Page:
In life, I have two passions: animals and books. When they combine? Magic.
Since I’ve learned to read, I don’t think there’s been a day of my life where I have not read. I still remember reading White Fang when I was eight years old. It was the first book that made me cry, and yet, I loved it. From there, I began reading James Herriott’s books, and Jim Kjelgaard’s excellent books for young readers.
All of them, of course, had one thing in common: animals as a central theme.
I’ve broadened my horizons, of course, since those years, but I enjoy a good dog-centric book – even if it’s a training manual (okay, especially if it’s a training book about dogs – you can never know too much!).
My top 3 books on rotation at the bedside? These three: Lucky Dog, When Pigs Fly: Training Success With Impossible Dogs, and All Creatures Great And Small.
I read this book about twice a year, especially when I’m feeling not-so-great about life in general (like when the Michael Vick thing broke – I dragged out my dog-eared copy of All Creatures Great And Small because it made me feel better, like a security blanket). I know every word by heart, but I love reading it all over again. Herriot’s luscious treatment of the Yorkshire countryside and loving (and sometimes humorous) way that he writes about his clients is unsurpassed, in my view.
In All Creatures Great and Small, we meet the young Herriot as he takes up his calling and discovers that the realities of veterinary practice in rural Yorkshire are very different from the sterile setting of veterinary school. From caring for his patients in the depths of winter on the remotest homesteads to dealing with uncooperative owners and critically ill animals, Herriot discovers the wondrous variety and never-ending challenges of veterinary practice as his humor, compassion, and love of the animal world shine forth.
You just can’t get much better for a feel-good book about animals. If you haven’t read it, I’d ask you seriously, what are you waiting for?
So. I have this dog, Sam, whom I’ve introduced here. He is the very model of an impossible dog – not treat-motivated, not toy-motivated, and could honestly care less about you if there’s something super-awesome to sniff. I vividly remember our Canine Manners class at the SPCA – everyone else’s dog was being all awesome and sitting on command and coming when called – but even after five weeks, Sam was still more interested in that Thing Over There than me. I’d dragged toys, all kinds of ridiculous treats (including raw steak!) to class, and he was only marginally interested in it. Okay, part of it was his blindness, but even so! I wasn’t motivating him the right way, and wasn’t sure HOW to motivate him.
Do you have an impossible dog? Think again. Most dogs have many characteristics that make them quiet trainable. Your dog is smart, a good problem solver and posesses a strong drive to get what he wants. Learn how to make your dog operant; a dog willing to seek out the correct behavior in return for a reward. You don’t have to constantly feed your dog for good behavior. Learn how to use play and other activities as an effective reward.
The key to training success with difficult dogs is to figure out what they find rewarding and then to use those rewards to get the behaviors you want. You’ll be amazed at what your “bad” dog will do when you know how he thinks and what turns him on!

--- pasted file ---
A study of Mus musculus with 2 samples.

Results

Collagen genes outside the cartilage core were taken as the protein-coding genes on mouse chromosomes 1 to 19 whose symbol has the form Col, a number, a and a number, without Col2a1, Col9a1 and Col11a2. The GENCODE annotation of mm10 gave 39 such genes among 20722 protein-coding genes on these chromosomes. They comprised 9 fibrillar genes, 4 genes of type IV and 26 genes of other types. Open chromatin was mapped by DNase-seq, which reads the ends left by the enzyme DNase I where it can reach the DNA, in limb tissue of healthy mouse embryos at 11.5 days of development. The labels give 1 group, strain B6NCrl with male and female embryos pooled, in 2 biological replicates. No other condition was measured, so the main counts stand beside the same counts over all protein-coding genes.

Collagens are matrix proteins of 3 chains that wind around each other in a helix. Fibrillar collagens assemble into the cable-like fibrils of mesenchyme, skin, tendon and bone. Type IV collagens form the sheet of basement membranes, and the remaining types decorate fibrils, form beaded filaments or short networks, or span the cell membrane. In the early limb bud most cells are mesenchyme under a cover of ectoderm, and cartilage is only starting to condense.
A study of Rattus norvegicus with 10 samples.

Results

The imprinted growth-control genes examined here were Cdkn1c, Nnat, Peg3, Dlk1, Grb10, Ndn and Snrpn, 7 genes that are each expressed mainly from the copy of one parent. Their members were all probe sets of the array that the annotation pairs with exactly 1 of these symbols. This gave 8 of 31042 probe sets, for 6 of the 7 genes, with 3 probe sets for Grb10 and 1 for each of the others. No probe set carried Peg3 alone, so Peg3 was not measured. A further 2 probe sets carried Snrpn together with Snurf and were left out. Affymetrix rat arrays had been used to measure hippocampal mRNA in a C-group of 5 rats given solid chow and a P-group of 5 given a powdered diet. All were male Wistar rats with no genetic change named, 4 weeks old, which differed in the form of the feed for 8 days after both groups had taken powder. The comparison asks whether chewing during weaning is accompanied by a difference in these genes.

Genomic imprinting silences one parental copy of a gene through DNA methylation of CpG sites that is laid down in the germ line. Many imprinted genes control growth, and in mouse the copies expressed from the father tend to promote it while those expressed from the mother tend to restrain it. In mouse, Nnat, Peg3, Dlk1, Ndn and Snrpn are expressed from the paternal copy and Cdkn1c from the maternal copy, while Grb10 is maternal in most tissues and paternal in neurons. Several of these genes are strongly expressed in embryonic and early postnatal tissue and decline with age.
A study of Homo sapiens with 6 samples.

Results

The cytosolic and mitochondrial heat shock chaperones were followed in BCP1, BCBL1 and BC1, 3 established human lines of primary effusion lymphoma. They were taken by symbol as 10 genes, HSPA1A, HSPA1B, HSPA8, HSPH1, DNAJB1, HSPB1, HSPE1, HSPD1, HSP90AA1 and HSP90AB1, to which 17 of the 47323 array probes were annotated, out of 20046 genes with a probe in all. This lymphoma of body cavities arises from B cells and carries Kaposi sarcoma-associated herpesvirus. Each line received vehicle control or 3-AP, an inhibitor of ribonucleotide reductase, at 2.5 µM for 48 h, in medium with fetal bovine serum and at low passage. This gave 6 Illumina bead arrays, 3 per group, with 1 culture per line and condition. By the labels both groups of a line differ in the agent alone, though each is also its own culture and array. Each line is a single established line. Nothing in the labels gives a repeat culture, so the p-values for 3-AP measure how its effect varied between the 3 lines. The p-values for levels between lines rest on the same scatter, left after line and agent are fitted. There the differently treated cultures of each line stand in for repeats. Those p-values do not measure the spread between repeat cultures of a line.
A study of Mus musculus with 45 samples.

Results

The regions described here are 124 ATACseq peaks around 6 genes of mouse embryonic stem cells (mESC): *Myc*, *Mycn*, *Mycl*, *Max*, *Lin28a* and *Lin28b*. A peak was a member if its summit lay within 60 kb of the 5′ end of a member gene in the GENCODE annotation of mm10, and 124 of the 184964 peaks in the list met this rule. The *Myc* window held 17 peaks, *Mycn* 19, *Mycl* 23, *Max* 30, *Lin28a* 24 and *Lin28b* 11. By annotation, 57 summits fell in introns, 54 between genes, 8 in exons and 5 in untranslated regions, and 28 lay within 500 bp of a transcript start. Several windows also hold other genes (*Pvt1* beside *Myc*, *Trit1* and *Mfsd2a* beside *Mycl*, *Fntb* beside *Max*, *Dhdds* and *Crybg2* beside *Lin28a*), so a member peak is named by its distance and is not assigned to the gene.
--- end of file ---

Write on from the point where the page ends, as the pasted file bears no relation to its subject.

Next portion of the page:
Enter this book. Inside of a few sessions, I learned that Sam WAS interested in what I was doing and could be motivated by me. I kept at training him, and now my once-‘impossible’ dog is a pretty well-trained pup. I keep coming back to this book as a training how-to even for Bean, and it makes a regular read on my nightstand because I always seem to discover something new.
I am an absolute sucker for a witty, well-told story – especially if it involves dogs. This book is in my top-10 love-to-read books. From Amazon:
Dave Bartok is not having the best of years. His mother has just died, he is an addicted poker player, and (hugely in debt), his real estate business is sinking, and he doesn’t really like his longtime girlfriend. When he gets saddled with an abandoned dog, he doesn’t think things can get worse. And then Reg the dog starts talking –and only Dave can hear him.
At first Dave thinks he’s gone crazy, but he soon realizes he’s found his soul mate. Dave and Reg start off on a madcap adventure that will find them tangled up with the mob, involved in an illegal real estate deal, cleaning up at the poker table, and stumbling toward true love.
Reg, as you might be able to guess, is one smart puppy. For instance, take these Reg-isms from the book:
On couches being chewable because they are actually sausages
“It’s got a skin, it’s got stuffing, what am I not getting here?”
On entering a dangerous establishment
“Actually, I’ve changed my mind. There’s no atmosphere so menacing it can’t be banished by a ham sandwich.”
“Every time you put it on you end up going somewhere you don’t want to. That’s what I call a leash.”
What made me absolutely adore this book, though, was how Reg describes his view on his environment, almost like somehow Barrowcliffe really did sit down and have an honest-to-dog conversation with a canine.
“It is a mystery,” said Reg. “How could you surrender this? … A ball falls from the light across a dark field. Desire and fulfillment conspire to joy. The sun ignites the tumbling clouds, the tumult of blood, no future, no past, just a consuming instant, as fur, muscle and bone sing with the impulse of delight.”
Reg is one of the most hilarious characters in a book – he has all the enthusiasm of a dog coupled with the intelligence of a scholar. If you’re looking for a heartwarming adventure with a hilarious dog-hero, give this a read.